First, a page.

Adjoining are the little reception rooms


institution is situated on the outskirts of the Faubourg St. Antoine, upon an elevation, where the view in one direction is limited by Mont St. Genevieve, and on the other embraces a large territory intersected by the windings of the Seine and by lines of railroad. The space is thickly dotted by the high chimneys of manufactories and massive constructions of various forms. A great pile of buildings which fronts upon the street forms one of the sides of the court within; two long wings extend at right angles, which seem to have been built at different intervals of time. That on the right ends with the penitentiary, or house of correction; the left wing terminates more modestly at the garden entrance; while farther, at the extreme portion of the grounds, still to the left, rises the hospital, standing apart from the rest. The whole establishment, including the gardens, has an extent of fifty-five hundred square meters.

In the little room at the entrance, where the _concierge_ is usually found in these French houses, sits one of the sisters, surrounded by bell-cords and tubes and bells which are constantly in use, bringing messages to and fro in all directions. A sister is always on duty, morning, afternoon, and at night when it is necessary, responding with discreet politeness to the inquiries made. Adjoining are the little reception rooms, where comers and goers are met, and the consulting-room of the distinguished oculist, who twice a week gives

gratuitously his valuable services. Then come the office and reception-room of the chaplain of the house, followed by the little "prophet's chamber," occupied by the former directress when she returns upon visits which her age and poor health render only too infrequent.

What the French call the "_economat_" or business office, next demands our attention. A dozen registers admirably kept, portfolios of all kinds, and numberless papers are arranged upon different shelves. The sister in charge notes in her journal every entrance and every departure, and all the journeys and leaves of absence of the sisters. In a safe she has the necessary money for current expenses, the rest being deposited in the bank. She provides the stores, examines the accounts of the pharmacy and the kitchen, pays the salaried employees, gives or sends to each deaconess the modest sum allowed her for personal needs, and transacts the daily business of the house. She must also every month hand in three reports--one to the Prefect of Police, another to the Minister of the Interior, and the third to the Minister of Finance, giving detailed statistics concerning the age, occupation, and progress of her _proteges_. "How many know how to read? How many to read and write? How many to read, write, and cipher? What progress has been made since the last report?" These are some of the questions she has to answer; and, meanwhile, if a crowd of little children come in, she turns from her writing and calculations and plays with them as if she had nothing else to do.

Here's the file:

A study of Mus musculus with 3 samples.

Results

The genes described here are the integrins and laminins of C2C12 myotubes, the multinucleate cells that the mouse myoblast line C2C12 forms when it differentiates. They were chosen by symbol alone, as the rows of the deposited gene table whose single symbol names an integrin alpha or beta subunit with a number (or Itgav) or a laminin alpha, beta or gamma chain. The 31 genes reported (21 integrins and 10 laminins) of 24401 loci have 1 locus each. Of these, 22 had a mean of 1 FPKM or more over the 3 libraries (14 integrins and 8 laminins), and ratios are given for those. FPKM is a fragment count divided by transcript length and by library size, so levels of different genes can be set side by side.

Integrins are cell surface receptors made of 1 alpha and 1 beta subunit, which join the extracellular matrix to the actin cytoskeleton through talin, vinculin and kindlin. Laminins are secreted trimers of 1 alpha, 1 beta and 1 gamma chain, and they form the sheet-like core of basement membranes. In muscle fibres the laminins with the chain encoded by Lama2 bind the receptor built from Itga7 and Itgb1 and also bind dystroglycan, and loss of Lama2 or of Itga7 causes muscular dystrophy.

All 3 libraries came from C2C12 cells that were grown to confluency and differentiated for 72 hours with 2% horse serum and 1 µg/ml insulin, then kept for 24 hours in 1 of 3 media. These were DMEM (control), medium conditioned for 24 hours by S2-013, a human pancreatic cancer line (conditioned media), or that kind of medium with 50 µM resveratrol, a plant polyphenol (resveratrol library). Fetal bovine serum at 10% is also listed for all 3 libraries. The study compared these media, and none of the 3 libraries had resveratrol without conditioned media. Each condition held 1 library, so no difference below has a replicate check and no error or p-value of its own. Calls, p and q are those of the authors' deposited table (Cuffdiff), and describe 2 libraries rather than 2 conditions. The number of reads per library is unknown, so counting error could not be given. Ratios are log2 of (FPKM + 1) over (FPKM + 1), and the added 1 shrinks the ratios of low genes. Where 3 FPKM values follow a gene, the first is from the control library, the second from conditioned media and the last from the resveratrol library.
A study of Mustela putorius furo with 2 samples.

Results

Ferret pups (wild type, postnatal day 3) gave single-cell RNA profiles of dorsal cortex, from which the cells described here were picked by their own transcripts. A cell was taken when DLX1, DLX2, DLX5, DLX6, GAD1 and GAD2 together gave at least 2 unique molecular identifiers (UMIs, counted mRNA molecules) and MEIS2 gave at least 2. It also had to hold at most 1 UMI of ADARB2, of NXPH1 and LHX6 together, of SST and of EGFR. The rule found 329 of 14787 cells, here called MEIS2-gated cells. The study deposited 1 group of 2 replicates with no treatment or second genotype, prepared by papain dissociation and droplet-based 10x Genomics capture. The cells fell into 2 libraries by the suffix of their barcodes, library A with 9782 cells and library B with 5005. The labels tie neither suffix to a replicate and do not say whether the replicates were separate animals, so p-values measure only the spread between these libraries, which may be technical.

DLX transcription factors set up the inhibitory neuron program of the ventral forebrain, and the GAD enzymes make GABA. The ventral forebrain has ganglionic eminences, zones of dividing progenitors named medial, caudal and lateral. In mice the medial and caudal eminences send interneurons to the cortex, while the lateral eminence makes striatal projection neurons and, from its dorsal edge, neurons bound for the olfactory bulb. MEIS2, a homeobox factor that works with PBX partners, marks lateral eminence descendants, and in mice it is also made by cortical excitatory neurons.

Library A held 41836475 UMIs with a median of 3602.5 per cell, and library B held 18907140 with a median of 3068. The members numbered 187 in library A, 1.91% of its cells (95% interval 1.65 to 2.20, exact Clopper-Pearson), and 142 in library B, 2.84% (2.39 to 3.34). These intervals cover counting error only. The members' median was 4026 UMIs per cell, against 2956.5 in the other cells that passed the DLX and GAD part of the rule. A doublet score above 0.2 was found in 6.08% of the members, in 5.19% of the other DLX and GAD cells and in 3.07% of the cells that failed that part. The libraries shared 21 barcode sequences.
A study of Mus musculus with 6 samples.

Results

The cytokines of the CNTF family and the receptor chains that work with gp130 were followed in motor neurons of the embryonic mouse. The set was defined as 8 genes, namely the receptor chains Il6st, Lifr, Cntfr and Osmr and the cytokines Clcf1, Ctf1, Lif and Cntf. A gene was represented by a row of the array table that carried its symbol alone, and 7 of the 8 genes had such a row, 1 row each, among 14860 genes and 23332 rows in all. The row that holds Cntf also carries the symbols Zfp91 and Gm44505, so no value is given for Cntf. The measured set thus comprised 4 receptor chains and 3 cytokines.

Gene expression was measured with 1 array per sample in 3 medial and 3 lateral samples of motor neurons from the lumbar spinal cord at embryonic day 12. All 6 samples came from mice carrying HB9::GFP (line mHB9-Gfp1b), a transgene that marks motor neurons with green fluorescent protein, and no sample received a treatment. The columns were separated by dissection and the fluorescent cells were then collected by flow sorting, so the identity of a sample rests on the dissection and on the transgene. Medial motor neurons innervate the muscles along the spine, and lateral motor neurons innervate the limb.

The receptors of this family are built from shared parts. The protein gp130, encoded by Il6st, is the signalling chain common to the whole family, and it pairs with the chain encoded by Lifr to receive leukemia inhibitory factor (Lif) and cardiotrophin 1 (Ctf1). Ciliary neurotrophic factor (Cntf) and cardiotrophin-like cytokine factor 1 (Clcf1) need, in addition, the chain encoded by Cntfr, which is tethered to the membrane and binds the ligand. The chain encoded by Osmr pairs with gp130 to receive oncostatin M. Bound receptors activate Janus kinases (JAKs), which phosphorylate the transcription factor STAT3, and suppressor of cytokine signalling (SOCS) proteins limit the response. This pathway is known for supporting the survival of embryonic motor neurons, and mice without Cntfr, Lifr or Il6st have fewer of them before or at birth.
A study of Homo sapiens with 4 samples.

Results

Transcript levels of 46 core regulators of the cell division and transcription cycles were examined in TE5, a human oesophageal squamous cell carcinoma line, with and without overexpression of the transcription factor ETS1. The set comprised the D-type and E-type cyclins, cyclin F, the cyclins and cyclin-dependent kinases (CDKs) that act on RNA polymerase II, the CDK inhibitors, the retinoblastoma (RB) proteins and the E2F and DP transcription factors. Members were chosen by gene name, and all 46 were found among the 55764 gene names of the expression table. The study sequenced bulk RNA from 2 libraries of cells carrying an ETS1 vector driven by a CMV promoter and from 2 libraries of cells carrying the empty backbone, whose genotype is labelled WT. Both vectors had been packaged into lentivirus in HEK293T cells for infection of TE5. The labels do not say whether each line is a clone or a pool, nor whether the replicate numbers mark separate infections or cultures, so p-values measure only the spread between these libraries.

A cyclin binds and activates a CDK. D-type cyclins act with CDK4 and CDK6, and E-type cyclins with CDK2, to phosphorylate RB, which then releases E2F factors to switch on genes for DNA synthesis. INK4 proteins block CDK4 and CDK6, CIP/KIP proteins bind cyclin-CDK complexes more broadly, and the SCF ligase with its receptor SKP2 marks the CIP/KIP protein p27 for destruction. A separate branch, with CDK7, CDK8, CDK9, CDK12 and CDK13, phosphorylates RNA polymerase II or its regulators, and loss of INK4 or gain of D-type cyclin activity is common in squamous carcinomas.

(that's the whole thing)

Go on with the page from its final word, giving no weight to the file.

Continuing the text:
Let us see where these children come from. Here is the "Salle d'Asile," as it is called, with its benches and chairs for the little ones, maps and historical pictures suspended upon the walls, slates and globes, and all the belongings of a school-room. The sister who has directed this school for thirty-five years has seen sons and daughters succeed fathers and mothers. More than nineteen hundred children have passed through her hands. With what pride she showed us the copy-books, and pointed out some particularly good compositions. Hers was no perfunctory task; a mother could not have displayed greater interest in her children. The number of pupils varies from one hundred and ten to one hundred and thirty, a little less than half of them being Catholics. All kinds of primary instruction are given, including gymnastics, singing, and marching. Bible stories hold an important place in this elementary teaching, even those which are sometimes considered to be beyond the reach of children; for there is nothing in any other book to take their place. It is useless to add that not only lessons are given, but shoes, aprons, and garments of all kinds, some of the little ones being clothed from head to foot by the institution. Every day soup is distributed, ostensibly to the poor and the ill-nourished, but practically partaken of by all. Even during the siege of Paris the soup continued to appear. It gradually became less substantial, it is true, but still it was soup.